I write to all of you now with a platinum wedding band on my left ring finger. We will be departing on our honeymoon in about three hours. It would take far longer than that to tell you everything that happened in the last three days, and you, my faithful readers, will have to be content with a few impressions.
On the whole, I think the wedding turned out great. There were a few minor issues as the wedding day progressed, but nothing that anyone who hadn’t read all the contracts would really notice. I can recall a point at the reception on Saturday night when the DJ started to play the old swing tune “In The Mood”. I looked out on the dance floor and saw two or three different generations of people doing the jitterbug. I knew then that we were probably throwing one hell of a party.
I now understand why there are wedding rehearsals. Yes, there is a need to have everyone understand the structure of the ritual so they don’t look stupid when the day comes. I also now understand that it is also needed to prevent skittish brides and grooms from freaking out when the ceremony actually comes. A significant part of my brain actually left the planet as we were going through the rehearsal and didn’t completely come back to earth until a few hours (and few beers) later during the rehearsal dinner. I was much calmer on The Big Day for the experience though.
Many memorable people were part of our wedding, but I think the most memorable for me was my Aunt R. Her father (my Dad’s father) was always more than a bit of trickster. I see this quality in my Dad, but, seeing Aunt R. again really reminded me of this. She also gave me the “lecture” that Wife S. and I need to “have lots of boys” to help preserve the Geek family name — running down the list of male heirs to the family name, I disovered that there is me and one second cousin likely to pass the family name on. Eeeeek! Finally, my Dad was thrilled to actually have someone from his family attend an event we put on — that hasn’t happened before.
Rather than toss bouquets and garters, we decided to do a dance where all married couples were brought to the dance floor and then dismissed based how long they had been married — the newly married couple (us) first, the longest married couple last. That last couple would then get the bridal bouquet. The first few rounds of this as the DJ called out “5 years… 10 years… 15 years” were largely uneventful. Once the DJ got past 20 years, people started to gather around the dance floor and applaud, however. I see it as a testament to the character of both sides of our family and their friends that there were still slightly more than half a dozen couples on the dance floor when the DJ passed 40 years. The DJ had been counting in increments of five years, but switched to single year increments after 45 years.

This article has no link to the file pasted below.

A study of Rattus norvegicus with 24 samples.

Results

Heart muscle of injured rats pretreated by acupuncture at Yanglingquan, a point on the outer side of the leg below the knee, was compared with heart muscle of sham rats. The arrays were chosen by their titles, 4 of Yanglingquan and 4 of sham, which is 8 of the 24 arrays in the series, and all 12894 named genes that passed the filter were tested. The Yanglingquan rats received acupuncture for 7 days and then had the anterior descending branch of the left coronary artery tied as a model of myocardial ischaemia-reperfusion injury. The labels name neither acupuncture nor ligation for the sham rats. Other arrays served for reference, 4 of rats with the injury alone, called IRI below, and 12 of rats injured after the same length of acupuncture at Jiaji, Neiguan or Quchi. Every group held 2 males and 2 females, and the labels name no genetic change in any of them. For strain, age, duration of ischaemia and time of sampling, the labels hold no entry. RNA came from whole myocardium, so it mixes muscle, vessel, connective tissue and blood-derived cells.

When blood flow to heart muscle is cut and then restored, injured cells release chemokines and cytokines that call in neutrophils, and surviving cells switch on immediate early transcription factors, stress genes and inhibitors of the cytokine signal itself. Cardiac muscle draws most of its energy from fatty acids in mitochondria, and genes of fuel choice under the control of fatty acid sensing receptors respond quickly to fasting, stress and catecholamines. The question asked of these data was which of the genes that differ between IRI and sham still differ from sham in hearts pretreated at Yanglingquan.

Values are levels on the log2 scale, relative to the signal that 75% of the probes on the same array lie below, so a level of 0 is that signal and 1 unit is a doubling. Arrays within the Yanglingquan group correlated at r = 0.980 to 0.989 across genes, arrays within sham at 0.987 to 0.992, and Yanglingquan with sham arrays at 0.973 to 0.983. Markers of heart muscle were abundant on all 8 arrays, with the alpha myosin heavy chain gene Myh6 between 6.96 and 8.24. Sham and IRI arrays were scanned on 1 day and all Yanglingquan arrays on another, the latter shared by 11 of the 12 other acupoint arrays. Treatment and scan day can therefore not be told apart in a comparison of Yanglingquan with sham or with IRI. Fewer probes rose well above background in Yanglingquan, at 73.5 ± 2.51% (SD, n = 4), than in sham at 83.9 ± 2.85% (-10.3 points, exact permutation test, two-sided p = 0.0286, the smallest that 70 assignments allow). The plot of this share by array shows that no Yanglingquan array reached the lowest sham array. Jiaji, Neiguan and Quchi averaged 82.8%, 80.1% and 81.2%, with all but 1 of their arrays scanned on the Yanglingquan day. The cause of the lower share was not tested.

It ultimately came down to two couples: my Mom’s cousin P. and his wife M., and, Wife S.’s great-aunt B. and great-uncle T. People really began to applaud when the count passed 50 years. P. and M. finally faded at 53 years. B. and T. won with 59 years. Wife S. and I figured early on that B. and T. would win when we planned this; I was very surprised and touched how much of a contest my family made it though.
There were a few notable absences. The two professors I invited from my grad student days mysteriously did not attend, even though they said they were coming. My dissertation advisor D. sent an e-mail on the day saying that something came up and would not be able to attend. The other professor, P., e-mailed me on Friday that he was looking forward to coming. Finally, a friend S. and her boyfriend T. were mysteriously absent. She more or less bullied herself onto the guest list; we weren’t certain if we should invite her, but, she introduced me to one of my groomsmen and his wife. In the end, she seemed thrilled to attend and her absence was puzzling. Ironically, all of these people were seated at the same table at the reception, making a table of eight into a table of two.
I can’t end this on an unhappy note, however. The day was too full of warm, wonderful memories. Probably one of the best came when Wife S. and I left the reception for our hotel suite. I remember having this warm, loving feeling that it was finally just her and me again after three days of chaos. It is still with me, and I hope it lasts for a long, long, LONG, time.
p.s. Please check out wildchica. She’s a freelance writer, a friend, and she attended the wedding. She’s just started a diary a few weeks back. For those curious about the wedding while Wife S. and I honeymoon, maybe she will tell you her impressions of our special day.